InvespBlog has published what it claims is an interview with a top Digg user – someone who has a 34% success ratio in getting submitted stories to the home page of Digg . The Digg user isn’t named – he or she says “I have a reputation to withhold” (we know what they meant).
In the interview the user talks a little about how he’s able to get stories to the home page of the Digg news site and drive significant traffic back to the destination, despite the increasing popularity of the site. There isn’t much that will surprise people, the user simply does a lot of networking and reciprocal voting with other top users.
But the user also claims to charge for his services. A submission is $300-$500 based on the “quality of the article,” with no additional “promotion.” If you want your article promoted it’s a flat $700 fee. An additional $500 is charged if it gets to the home page. That’s a grand total of $1,200 for a home page story, and you don’t even get guaranteed results.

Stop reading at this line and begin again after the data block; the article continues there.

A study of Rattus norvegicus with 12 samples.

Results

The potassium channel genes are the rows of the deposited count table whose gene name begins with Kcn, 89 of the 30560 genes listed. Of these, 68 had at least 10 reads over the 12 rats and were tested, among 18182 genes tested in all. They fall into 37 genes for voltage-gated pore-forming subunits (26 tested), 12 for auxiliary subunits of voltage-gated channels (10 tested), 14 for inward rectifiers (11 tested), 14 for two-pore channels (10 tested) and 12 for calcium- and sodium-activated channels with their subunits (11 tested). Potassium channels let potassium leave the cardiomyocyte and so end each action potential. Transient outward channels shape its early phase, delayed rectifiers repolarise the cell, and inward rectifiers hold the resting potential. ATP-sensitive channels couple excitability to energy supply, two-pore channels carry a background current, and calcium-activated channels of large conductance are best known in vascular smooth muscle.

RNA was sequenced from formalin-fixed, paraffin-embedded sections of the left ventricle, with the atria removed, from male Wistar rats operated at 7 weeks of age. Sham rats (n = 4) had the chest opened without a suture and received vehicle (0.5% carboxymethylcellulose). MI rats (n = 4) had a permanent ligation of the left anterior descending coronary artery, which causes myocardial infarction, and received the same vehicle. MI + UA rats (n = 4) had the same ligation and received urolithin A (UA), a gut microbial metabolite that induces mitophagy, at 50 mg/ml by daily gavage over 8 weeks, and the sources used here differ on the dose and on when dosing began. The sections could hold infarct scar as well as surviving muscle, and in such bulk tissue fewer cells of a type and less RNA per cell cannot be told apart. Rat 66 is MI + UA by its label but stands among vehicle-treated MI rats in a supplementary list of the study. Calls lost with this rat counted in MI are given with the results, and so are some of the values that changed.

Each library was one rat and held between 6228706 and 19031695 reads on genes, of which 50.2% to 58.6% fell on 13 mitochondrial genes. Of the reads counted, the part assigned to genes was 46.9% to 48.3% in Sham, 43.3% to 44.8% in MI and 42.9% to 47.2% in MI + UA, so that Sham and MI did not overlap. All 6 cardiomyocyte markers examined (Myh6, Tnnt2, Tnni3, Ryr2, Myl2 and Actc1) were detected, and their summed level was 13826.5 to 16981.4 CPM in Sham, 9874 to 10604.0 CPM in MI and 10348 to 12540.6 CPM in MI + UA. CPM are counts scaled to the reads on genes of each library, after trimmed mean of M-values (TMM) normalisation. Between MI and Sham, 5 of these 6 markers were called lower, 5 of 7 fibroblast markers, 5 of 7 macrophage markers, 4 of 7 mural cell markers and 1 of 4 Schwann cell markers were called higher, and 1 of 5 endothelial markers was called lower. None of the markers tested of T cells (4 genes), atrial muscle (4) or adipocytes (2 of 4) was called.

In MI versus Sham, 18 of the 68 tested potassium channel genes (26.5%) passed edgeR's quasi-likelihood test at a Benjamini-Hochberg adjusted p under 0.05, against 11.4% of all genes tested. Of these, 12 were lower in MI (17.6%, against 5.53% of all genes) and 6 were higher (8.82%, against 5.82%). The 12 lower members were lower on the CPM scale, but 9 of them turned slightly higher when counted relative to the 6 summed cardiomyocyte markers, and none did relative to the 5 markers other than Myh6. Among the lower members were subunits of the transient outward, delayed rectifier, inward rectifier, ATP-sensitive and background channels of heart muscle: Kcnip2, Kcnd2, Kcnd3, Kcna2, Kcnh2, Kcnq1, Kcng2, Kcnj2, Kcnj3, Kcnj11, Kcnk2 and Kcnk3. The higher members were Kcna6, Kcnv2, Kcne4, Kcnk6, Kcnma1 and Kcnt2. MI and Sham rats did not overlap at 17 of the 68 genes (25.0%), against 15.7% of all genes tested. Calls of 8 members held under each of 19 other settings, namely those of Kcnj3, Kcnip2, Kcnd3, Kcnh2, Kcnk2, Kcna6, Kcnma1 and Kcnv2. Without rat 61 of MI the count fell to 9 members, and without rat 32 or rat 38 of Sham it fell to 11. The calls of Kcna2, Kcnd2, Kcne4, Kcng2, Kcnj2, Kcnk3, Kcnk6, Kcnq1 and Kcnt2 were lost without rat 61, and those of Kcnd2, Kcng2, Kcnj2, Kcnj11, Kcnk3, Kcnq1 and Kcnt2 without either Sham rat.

Digg knows this kind of manipulation goes on, and wages a never-ending battle to try to keep spamming to a minimum. It seems to have worked in keeping organized spamming schemes from making any real progress. But on an individual level there isn’t much Digg can do to stop top users from selling their influence.
Way back in 2007, Netscape even tried paying top Digg users directly to defect to their new service, so there is no denying that you can make money by being good at spotting a likely popular story.
One thing this tells me is that Digg should strongly consider placing clearly labeled advertisements within the news stories. Even as paid ads they’ll get a ton of traffic and Digg can charge accordingly. TechMeme, a tiny site in comparison, has done this successfully for some time. If Digg can’t stop its users from making a little money on the side, they may as well get in on the game.